FORT WORTH Although the stage musical Thoroughly Modern Millie premiered in this century (its two-year Broadway run began in 2002 after success in San Diego) and is based on the 1967 movie with Julie Andrews, it’s a love letter to an earlier era of happy-go-lucky musicals in which many of the songs end with the cast members holding their arms up in the air.
As if to say “ta-da!”
Matthew Blake Floyd can now do the same move — as executive producer of Prism Theatrics and as producer of its inaugural production at Will Rogers Auditorium, the spot where all the big musical tours happened in Cowtown before Bass Hall.
He and Prism came to town with hubris about bringing Broadway-level theater to Main Street — as if Fort Worth is a one-stoplight town — and put a lot of money into this project. Not only is it in a huge venue, it features expensive-looking and beautiful art deco-inspired sets (scenic design by Paul Tate dePoo III), an impressive marketing campaign, and mostly New York actors in the lead and secondary roles. Reportedly even the chorus members are being paid nicely for their work, on par with (or more than) what most of the professional theaters in the area pay. Also, there’s a 17-piece orchestra, led by the great Fort Worth native and musical guru Eugene Gwozdz.
And yeah, the production of the show (music by Jeanine Tesori, book by Richard Morris and Dick Scanlan, new lyrics by Scanlan) is pretty darned good. Occasionally great. Tickets have apparently not been selling as well as Prism expected for such a huge space (the top ticket price was initially at $100, but they’re offering online discounts with the promo code “TheBeesKnees” and free tickets are given to law enforcement and emergency workers, military personnel, and teachers).
So that part will take some time and trust-building with local audiences, but as far as bragging that production quality is high, Prism is holding to its word.
Choreographed and directed by Brandon Mason, whose directing credits include Casa Mañana and Bass Hall, the bubbly production hits on almost all marks, starting with Anneliese van der Pol (of TV’s That’s So Raven) in the title role of Millie Dillmount, a Kansan who arrives in New York City in 1922 to seek fame on stage and fortune by marrying her boss — but first she has to get the job with the right boss.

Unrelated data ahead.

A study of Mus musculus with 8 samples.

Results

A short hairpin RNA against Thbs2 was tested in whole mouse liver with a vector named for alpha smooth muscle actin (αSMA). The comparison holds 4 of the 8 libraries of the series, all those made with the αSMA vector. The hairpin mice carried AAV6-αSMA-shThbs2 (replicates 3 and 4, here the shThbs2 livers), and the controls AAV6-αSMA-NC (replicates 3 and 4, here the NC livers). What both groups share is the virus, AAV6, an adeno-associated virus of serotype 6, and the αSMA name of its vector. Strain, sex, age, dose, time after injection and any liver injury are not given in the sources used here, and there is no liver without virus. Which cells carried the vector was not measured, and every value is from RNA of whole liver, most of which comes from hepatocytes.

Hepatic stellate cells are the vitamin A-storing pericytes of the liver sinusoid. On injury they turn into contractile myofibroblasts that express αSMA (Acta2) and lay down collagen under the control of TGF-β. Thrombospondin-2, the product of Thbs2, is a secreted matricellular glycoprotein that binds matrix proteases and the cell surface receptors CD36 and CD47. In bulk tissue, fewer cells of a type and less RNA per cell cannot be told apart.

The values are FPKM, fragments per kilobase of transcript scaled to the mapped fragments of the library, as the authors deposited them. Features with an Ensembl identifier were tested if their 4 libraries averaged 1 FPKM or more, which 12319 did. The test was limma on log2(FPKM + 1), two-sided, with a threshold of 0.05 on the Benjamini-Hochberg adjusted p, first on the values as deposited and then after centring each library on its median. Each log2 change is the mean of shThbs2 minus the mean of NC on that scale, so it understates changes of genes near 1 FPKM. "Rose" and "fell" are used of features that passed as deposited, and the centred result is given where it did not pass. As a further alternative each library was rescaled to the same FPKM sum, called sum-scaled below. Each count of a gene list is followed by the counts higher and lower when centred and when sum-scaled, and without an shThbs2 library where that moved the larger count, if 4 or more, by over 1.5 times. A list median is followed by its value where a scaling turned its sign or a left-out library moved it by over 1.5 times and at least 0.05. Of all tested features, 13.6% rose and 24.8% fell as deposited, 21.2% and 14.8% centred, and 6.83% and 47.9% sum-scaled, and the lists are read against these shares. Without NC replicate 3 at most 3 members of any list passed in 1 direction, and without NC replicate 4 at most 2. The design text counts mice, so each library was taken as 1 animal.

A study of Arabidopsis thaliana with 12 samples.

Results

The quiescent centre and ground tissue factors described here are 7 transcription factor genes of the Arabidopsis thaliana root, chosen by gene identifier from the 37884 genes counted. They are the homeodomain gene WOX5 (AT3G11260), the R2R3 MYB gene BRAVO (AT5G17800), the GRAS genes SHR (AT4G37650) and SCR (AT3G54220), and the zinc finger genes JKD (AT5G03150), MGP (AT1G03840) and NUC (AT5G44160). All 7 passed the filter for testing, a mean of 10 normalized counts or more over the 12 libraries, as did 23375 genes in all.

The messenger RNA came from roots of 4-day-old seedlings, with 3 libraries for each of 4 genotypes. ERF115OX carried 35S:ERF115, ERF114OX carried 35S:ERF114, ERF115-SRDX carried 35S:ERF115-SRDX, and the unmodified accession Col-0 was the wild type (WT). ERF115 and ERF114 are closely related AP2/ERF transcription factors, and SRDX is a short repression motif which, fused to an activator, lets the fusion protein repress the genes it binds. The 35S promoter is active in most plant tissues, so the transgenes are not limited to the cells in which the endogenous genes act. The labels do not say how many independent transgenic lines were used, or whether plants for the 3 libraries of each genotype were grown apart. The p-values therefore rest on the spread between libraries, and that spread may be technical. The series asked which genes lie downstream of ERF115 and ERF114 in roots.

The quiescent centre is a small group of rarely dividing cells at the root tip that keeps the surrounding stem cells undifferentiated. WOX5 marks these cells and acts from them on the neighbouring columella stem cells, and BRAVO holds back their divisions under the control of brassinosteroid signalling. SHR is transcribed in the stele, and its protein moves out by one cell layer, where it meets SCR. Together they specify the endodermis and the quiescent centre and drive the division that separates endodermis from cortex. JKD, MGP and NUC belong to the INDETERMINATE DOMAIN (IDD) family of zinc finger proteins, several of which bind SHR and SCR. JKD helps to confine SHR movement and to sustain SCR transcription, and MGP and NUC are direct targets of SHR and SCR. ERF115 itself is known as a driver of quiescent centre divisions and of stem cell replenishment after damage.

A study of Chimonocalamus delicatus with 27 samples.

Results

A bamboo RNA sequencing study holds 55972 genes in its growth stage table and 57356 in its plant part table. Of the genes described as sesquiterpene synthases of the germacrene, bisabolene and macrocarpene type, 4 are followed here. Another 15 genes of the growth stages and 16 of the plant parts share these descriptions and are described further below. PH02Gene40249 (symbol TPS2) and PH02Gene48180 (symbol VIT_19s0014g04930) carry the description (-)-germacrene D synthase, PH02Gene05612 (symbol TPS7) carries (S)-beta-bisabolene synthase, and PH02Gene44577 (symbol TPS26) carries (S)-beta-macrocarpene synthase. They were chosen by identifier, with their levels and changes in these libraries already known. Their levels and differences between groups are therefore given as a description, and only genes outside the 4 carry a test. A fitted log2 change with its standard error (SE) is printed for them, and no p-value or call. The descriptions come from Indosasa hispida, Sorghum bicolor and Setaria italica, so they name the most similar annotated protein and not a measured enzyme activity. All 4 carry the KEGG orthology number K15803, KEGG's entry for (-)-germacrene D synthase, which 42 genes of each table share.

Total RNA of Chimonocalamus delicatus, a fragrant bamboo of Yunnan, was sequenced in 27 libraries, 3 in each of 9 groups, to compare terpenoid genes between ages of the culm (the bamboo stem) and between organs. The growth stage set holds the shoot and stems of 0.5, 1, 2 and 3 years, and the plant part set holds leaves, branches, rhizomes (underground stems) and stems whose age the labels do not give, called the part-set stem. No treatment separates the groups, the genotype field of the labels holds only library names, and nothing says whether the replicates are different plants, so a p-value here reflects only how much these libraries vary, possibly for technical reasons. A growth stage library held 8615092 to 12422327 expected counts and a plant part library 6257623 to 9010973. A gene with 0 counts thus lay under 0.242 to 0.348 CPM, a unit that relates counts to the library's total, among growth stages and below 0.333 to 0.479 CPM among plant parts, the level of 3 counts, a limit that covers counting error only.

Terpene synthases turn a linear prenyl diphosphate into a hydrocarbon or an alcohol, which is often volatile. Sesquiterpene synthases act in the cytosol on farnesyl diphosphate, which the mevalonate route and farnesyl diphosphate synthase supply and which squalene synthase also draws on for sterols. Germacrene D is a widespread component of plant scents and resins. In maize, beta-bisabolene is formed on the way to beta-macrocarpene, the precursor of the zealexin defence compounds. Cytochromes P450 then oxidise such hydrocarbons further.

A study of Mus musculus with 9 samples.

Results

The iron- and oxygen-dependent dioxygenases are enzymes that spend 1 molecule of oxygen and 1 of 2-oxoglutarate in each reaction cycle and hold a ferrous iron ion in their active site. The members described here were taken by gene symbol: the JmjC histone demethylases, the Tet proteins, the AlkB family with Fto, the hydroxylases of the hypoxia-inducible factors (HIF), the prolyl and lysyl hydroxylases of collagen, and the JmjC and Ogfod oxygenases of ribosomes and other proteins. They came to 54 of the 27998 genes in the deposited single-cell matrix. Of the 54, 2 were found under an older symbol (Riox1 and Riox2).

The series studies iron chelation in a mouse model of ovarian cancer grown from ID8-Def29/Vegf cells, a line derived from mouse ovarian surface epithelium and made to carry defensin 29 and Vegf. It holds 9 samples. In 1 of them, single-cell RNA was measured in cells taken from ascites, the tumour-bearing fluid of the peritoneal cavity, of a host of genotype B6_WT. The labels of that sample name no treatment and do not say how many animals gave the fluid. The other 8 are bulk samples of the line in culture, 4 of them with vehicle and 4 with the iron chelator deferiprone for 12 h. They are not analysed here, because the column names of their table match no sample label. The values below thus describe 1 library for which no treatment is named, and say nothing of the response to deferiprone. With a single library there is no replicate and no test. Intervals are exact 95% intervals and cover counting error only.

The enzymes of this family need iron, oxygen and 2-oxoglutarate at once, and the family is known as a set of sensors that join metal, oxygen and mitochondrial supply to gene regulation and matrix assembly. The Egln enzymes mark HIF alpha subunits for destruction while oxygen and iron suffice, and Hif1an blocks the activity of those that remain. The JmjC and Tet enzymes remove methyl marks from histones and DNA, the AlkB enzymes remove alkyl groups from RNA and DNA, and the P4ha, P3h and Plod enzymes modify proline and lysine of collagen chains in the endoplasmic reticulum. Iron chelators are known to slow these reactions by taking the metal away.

Van der Pol is spunky with a big voice, and like the rest of the cast, a terrific tap dancer. As the fresh-faced but confident country girl with big dreams in the big city (a common musical role), she makes it more credible than many have managed. She’s matched by the ever-smiling Elise Youssef (who has a passing resemblance to Kristen Wiig) as Millie’s new best friend Dorothy and charming Garen McRoberts as Jimmy Smith, the guy Millie doesn’t intend to fall in love with.
As a throwback to the 1920s, the show does have cringe-inducing stereotyping of Asians (and use of the term “white slavery,” which we’d now call “human trafficking”), and as the show’s villain, Mrs. Meers, Andrea Enright honors the script perfectly — and comes away as the scene-stealer. She has competition there from Ashley Smith White as flustered supervisor Miss Flannery. Local favorite Sheran Goodspeed Keyton offers her usual powerful and sassy vocals, and is sincere as socialite Muzzy van Hossmere. The other local in a significant speaking role is Keith J. Warren as Millie’s boss, but his constant arm-flailing is a puzzlement.
Above all, and this is glossed over by too many musical theater companies who are less than top-level, the chorus is vital. It’s a dance musical, and you have to have dancers and singers in top form. These are.
The inaugural Prism outing hasn’t proven that its standards are necessarily higher than the best of the local musical theater companies (notably Lyric Stage), but it is right up there. Floyd can bring his A game, and hubris, back any time.